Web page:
Ever since Election Day on Nov. 3, the entire country has been nervously waiting to see who will become the next president, Joe Biden or Donald Trump. CVHS students too, are anxiously following the news and awaiting the results of the 2020 presidential election.
“I’m kinda watching the election, mostly not very closely (at least today) because I’m trying not to stress. I really want Biden to win, and I’m super nervous because there is a lot on the line in terms of good things for people’s rights and for this country,” said junior Genevieve Habelski.
“Since reports began flooding in on Tuesday, I have been nervously yet excitedly anticipating the results. I see this election as a pivotal moment in history, a choice between order and unrest, understanding and animosity, statesmanship and demagoguery, that is, Biden and Trump. As such, I desperately hope that Biden will win and believe that he would in a fair election without voter suppression. Furthermore, the election excitement makes me impatient for the election when I can finally cast my vote,” explained senior Rafi Overton.
Senior Paul Friesen expresses his frustration with the whole situation, and the president’s speech already claiming himself the winner.
“It’s frustrating that we can see Biden 3.5 million votes ahead in the popular vote, with only a few percent of ballots left to be counted in a handful of states, yet still not know who is going to win the presidency. I’m obviously frustrated though not surprised that Trump already called the election, but I’m also upset that, while Biden is saying we need to wait until all the votes are counted, it seems like at times he is also hinting that he has already won. I’m again frustrated but not surprised that our president is already taking legal action against states before the results of the election are even known,” said Friesen.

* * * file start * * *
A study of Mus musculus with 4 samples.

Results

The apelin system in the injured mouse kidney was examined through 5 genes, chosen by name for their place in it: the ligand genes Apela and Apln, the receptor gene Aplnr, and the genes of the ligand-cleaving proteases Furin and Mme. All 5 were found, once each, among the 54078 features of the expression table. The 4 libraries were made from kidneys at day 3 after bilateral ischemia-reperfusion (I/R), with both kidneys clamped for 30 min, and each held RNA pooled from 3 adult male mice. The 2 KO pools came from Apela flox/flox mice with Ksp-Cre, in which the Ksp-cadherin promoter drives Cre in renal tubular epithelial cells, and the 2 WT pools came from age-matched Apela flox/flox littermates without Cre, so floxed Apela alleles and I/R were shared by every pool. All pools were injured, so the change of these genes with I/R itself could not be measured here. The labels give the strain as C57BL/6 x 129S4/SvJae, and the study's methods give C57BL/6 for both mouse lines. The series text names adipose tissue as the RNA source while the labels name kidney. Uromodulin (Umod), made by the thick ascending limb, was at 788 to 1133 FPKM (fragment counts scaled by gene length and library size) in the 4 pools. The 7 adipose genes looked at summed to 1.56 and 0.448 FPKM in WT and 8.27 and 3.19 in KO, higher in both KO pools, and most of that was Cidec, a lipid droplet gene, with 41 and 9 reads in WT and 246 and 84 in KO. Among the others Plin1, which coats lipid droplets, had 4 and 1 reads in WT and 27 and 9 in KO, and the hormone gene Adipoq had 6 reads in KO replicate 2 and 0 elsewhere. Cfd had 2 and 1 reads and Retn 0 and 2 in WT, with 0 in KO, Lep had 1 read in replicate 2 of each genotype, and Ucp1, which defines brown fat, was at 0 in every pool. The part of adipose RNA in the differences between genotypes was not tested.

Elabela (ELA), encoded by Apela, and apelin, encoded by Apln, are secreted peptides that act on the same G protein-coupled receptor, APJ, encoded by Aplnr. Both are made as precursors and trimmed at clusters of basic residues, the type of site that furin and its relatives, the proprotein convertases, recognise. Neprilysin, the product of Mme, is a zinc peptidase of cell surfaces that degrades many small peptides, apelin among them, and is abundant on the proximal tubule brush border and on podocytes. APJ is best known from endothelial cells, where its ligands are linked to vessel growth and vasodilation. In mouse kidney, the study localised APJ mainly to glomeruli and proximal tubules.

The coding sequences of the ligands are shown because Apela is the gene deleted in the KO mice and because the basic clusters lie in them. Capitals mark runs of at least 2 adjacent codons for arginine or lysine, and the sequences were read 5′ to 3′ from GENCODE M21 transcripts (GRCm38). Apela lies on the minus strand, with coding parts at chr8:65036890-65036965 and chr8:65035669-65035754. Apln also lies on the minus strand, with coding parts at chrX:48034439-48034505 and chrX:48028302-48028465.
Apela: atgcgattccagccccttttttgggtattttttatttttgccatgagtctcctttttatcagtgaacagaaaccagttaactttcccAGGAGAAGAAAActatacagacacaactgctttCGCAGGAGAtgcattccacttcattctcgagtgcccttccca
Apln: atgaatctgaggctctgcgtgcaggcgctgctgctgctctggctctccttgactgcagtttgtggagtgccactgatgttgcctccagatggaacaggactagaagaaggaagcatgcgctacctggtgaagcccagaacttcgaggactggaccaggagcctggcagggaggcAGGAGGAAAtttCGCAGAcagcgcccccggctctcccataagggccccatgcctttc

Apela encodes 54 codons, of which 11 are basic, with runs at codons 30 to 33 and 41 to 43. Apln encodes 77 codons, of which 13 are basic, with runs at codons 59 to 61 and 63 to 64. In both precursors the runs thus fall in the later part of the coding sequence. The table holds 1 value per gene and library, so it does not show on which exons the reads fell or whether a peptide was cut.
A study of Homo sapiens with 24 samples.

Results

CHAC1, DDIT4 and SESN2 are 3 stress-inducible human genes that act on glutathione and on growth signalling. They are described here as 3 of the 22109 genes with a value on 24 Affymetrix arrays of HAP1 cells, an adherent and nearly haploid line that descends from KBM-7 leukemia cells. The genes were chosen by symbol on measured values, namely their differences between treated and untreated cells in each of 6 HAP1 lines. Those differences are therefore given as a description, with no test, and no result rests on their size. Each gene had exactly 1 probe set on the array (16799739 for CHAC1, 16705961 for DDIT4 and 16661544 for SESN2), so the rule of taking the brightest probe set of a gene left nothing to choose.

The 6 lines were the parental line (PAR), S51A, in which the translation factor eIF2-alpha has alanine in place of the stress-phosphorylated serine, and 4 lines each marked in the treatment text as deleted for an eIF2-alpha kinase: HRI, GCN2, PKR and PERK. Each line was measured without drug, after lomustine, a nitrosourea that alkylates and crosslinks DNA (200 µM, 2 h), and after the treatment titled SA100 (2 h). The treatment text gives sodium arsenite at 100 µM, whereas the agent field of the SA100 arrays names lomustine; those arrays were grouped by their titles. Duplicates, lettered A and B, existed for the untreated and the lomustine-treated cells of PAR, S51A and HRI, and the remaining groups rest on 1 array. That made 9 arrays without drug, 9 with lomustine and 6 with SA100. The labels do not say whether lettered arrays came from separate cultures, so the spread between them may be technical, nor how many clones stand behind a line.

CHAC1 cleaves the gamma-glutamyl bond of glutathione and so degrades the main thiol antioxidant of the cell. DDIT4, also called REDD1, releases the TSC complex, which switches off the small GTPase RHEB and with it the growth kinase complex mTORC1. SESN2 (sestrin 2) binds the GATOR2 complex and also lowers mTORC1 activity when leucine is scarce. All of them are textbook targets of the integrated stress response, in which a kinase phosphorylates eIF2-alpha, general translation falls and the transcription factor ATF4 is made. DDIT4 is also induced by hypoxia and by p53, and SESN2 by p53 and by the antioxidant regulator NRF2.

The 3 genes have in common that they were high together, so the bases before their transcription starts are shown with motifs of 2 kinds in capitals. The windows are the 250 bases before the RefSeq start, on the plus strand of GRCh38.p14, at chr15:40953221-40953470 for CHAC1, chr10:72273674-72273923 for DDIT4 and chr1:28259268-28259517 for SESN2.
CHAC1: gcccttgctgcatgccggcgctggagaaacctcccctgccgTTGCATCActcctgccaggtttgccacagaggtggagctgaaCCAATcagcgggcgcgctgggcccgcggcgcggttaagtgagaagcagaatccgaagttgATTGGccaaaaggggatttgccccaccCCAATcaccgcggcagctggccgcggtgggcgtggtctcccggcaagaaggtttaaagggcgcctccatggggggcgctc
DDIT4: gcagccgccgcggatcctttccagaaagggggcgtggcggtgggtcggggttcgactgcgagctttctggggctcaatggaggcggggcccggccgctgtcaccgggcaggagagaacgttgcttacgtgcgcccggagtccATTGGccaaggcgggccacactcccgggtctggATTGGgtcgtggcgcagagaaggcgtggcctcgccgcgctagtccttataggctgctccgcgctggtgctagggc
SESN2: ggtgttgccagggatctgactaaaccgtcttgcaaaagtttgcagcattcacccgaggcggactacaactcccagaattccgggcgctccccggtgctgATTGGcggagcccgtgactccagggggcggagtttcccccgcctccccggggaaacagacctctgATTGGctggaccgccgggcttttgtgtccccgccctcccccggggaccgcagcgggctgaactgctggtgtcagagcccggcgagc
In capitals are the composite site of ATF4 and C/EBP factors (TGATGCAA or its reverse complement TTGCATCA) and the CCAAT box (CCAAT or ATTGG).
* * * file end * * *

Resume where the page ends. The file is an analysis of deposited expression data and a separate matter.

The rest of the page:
Friesen is not alone in his expressed disappointments of both candidates. Senior Benjamin Chen voiced similar concerns.
“I have been feeling extremely stressed. It’s horrifying juggling your decision on the lesser of two evils. Both candidates are not perfect but at least with Biden, I can stop worrying about the potential infringements of rights in the LGBTQ+ community and other minority groups, which most white, heterosexual, cisgendered, men cannot sympathize or comprehend,” said Chen.
Although Biden seems to be in the lead at the present moment, some students still voiced apprehension that this could quickly change.
“I already expected Trump to win, like way before all this happened,” said freshman Ian Choo.
Assuming that Biden is victorious, senior Ben Theodore worries that “Trump will not accept defeat and will not give up power of the presidency.”
Despite all this, students are optimistic about the end results.
“I hope Joe Biden will win. One repeated message from his campaign that he has had that has resonated with me is this: ‘We are campaigning as Democrats, but I will govern as an American president.’ I find this in stark contrast to the president’s rhetoric, where he tears down groups of people, even insulting entire states,” explained Friesen. “While it remains to be seen if Biden can follow through with his message, I want him to win because he, at the very least, is interested in unifying the country.”